The Quebec Anglophone Heritage Network (QAHN) launched the website of a new project highlighting the identity of English-speaking Quebec in 100 Objects yesterday morning at 100objects.qahn.org. The launch, held at the Uplands Cultural and Heritage Centre in Lennoxville ended a seven-month quest to find 100 artefacts that, together, sketch a portrait of Quebec’s English-speaking communities.

larger_img_3480_0.jpgThe project was inspired by, “A History of the World in 100 Objects,” a project carried out by the British Museum and BBC Radio 4 beginning in January of 2010 in which 100 key objects were chosen to pinpoint important movements or moments in the history of the world. QAHN’s president Kevin O’Donnell also referred to the inspiration of “The Object in History,” a project of George Mason University’s Center for History and New Media.

“We seek to draw the potential from objects in our history, to reveal an important part of our story,” said O’Donnell.

Between search and submissions, QAHN found 99 different objects suited to their project including theatre playbills, a haystack cap, a Ski-doo, swizzle sticks, a Chinese dragon, and many others. Each object is matched with a story and photos on the website to help show its role and significance in the past, present and future of Quebec’s Anglo heritage. In the end the objects come from almost every corner of Quebec, with the accompanying stories having been written by 62 different writers.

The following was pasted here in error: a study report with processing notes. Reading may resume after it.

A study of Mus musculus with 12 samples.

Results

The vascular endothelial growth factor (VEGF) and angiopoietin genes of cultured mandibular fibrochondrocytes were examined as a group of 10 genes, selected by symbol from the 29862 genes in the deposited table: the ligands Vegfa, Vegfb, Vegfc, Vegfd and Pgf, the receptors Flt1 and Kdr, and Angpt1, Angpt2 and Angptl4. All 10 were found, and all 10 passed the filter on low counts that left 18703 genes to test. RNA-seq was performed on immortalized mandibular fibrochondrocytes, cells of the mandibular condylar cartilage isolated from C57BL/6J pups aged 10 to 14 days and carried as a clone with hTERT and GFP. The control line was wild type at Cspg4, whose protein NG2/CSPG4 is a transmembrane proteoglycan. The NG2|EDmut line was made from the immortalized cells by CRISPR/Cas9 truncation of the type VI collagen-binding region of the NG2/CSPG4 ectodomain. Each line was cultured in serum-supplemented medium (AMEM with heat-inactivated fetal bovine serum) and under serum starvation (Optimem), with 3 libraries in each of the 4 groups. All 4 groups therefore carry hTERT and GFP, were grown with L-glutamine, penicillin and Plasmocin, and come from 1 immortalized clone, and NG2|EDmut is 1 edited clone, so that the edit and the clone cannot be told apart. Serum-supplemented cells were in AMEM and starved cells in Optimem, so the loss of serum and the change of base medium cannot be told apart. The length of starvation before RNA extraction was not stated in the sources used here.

Of the objects selected by QAHN, some 80 submissions were made by heritage and community groups from across the province and reviewed by a selection committee. To add further depth to the portrait, the project team also hunted down other objects from museums, additional organizations and individuals.

Yesterdays launch also included the reveal of item number 100, meant to be something that symbolizes life today, and maybe even looks to the future.

That something turned out to be a silver bracelet that belonged to the grandmother of local writer and teacher Heather Davis, Mary Cecilia Sheehan. Heather’s family moved west from Quebec when she was three, but 12 years ago, Heather came back. On the 100th object page of the website, Heather tells the story of her coming back, and of the significance of the bracelet.

Executive Director Matthew Farfan highlighted the wide diversity of English in Quebec that becomes apparent on the site, making references to differences in ethnic background, community of residence, region, and various views. “We hope the 100 objects presented here will both reflect our communities’ diversity and bring out common threads that will help bind our distinctive parts together,” he said.

Rachel Garber and Heather Darch, the co-managers of the project, were both very clear to add that the portrait presented by the project does not constitute an exhaustive picture.

“We have to think of this as a work in progress,” said Garber. “We hope it’s the beginning of more research along these lines.”

In addition to the website, DVDs will be distributed to libraries across Canada. The DVD includes six short video capsules about selected stories. The website emphasizes the role of the project as an educational tool, and members of QAHN who were present showed a great deal of enthusiasm about the possibilities for how the project could be used or adapted for use in local classrooms.

Some 90 partners collaborated in this project, called "Significant Objects for Telling Identity (SOFTI): English Quebec through 100 Cultural Artefacts," which was supported by the Department of Canadian Heritage.

To visit the new website click here!